September is here and we are just around the corner from some cooler weather. We should start to get some relief from the summer’s heat and see water temperatures drop. With the cooling water temps fish will be on the move. Snook will be making their way back to the backcountry, redfish will be schooling to prepare to spawn and we should see the big trout move onto the shallows.
We will start to see some pre-spawn schools show up in our region this month. Spawning season usually run from August through November with this month being the peak of the season. Live or cut bait will work. I prefer cut bait. A cut threadfin, sardine, pinfish or ladyfish will be hard to turn down. If all else fails, go to the old trusty shrimp. I fish a 25lb Trilene fluorocarbon leader with a 1/0 Daiichi circle hook. Areas in our region from the Kitchen to Joe Island will hold redfish. Look for the mullet and the redfish shouldn’t be far behind.
I sound like a broken record with my trout forecast but they continue to bite. Last month was another good month, and I am looking forward to it continuing through the year. With water temperatures hovering around the high 80’s, continue to fish any grass flat in the 4ft-7ft range with good tidal flow. As temperatures fall, move to the shallow flats with good potholes and depth changes. Small scaled sardines (green backs) are my go to bait. I fish a 24” 25lb Trilene fluorocarbon leader with 1/0 Daiichi circle hook under a weighted cork. Trout is a good species to try out your artificials skills. Top water plugs like the Zara Spook or Mirrolure She Dog are good for an early bite. As temperatures rise, I like Berkley Gulp! Shrimp and D.O.A Cal Shad.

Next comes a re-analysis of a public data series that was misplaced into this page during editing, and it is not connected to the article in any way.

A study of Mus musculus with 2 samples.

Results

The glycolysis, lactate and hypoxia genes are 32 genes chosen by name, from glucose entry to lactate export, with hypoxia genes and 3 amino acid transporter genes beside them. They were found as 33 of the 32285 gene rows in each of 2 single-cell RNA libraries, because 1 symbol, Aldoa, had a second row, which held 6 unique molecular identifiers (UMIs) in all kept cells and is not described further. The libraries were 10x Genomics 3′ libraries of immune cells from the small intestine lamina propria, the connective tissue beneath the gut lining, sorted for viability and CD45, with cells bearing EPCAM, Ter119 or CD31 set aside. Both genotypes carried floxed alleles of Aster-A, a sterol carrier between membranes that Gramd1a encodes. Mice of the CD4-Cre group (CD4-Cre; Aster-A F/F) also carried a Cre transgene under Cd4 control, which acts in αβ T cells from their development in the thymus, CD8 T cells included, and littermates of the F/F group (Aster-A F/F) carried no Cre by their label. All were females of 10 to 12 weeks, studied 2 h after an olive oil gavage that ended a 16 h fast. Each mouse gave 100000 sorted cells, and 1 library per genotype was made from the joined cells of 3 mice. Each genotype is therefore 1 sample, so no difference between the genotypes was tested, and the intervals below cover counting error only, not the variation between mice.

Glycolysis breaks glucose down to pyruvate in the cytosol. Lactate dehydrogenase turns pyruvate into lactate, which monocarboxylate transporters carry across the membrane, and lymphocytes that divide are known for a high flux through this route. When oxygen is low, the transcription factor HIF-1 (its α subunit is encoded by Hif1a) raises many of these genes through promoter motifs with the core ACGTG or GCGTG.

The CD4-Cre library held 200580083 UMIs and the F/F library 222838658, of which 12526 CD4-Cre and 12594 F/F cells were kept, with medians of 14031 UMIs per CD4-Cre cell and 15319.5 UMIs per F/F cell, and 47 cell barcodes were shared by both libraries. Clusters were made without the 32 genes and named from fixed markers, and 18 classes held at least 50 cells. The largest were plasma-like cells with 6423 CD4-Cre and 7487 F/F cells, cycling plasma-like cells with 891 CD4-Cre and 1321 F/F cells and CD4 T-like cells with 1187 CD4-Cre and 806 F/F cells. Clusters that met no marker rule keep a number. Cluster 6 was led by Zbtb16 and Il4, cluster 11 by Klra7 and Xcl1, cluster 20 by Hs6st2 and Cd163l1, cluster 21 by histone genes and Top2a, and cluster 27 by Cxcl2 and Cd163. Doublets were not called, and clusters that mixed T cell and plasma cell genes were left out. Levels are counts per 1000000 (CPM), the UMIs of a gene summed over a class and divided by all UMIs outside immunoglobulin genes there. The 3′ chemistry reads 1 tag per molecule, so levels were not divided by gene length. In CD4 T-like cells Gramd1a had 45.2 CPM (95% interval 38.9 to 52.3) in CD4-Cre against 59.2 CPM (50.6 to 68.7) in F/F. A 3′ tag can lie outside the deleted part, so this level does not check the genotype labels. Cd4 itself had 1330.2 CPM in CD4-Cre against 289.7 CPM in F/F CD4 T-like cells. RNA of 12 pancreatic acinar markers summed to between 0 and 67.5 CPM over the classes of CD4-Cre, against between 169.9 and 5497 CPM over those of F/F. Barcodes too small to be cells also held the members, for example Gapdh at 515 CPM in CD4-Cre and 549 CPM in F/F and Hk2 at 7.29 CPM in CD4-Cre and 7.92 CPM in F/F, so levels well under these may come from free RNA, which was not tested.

September usually means we are gearing up for open season. Not this year. FWC had decided to keep season closed until August 2012. This will give the snook in our area a chance to get through a couple spawn seasons. That doesn’t mean you have some catch and release fun. The Southshore region got hit hard but is holding some decent fish. Not like it did in the past but are catching some nice fish. If you do target these fish, handle them with extreme care to ensure a healthy release. Live scaled sardine free-lined is bait of choice. 25-30lb Berkley Trilene fluorocarbon leader with a 1/0 Daiichi circle hook will be good. Fish areas with good tide movement and ambush points.
Best of the Rest
Look for the spanish mackerel to show back up in our region. As water temps cool, the mackerel will follow the bait. A Chum block and lots of live scaled sardines will keep the action lively. A 40lb Berkley Trilene fluorocarbon leader and a 1/0 long shank hook will help with cut offs. If water temperatures cooperate, maybe some early season king mackerel will invade the beaches and maybe make their way into our region. Wire leader is a must for these drag burners. Live sardines, threadfins, and blue runners are the best baits. First spot for early season kings is the Skyway bridge and ship channel.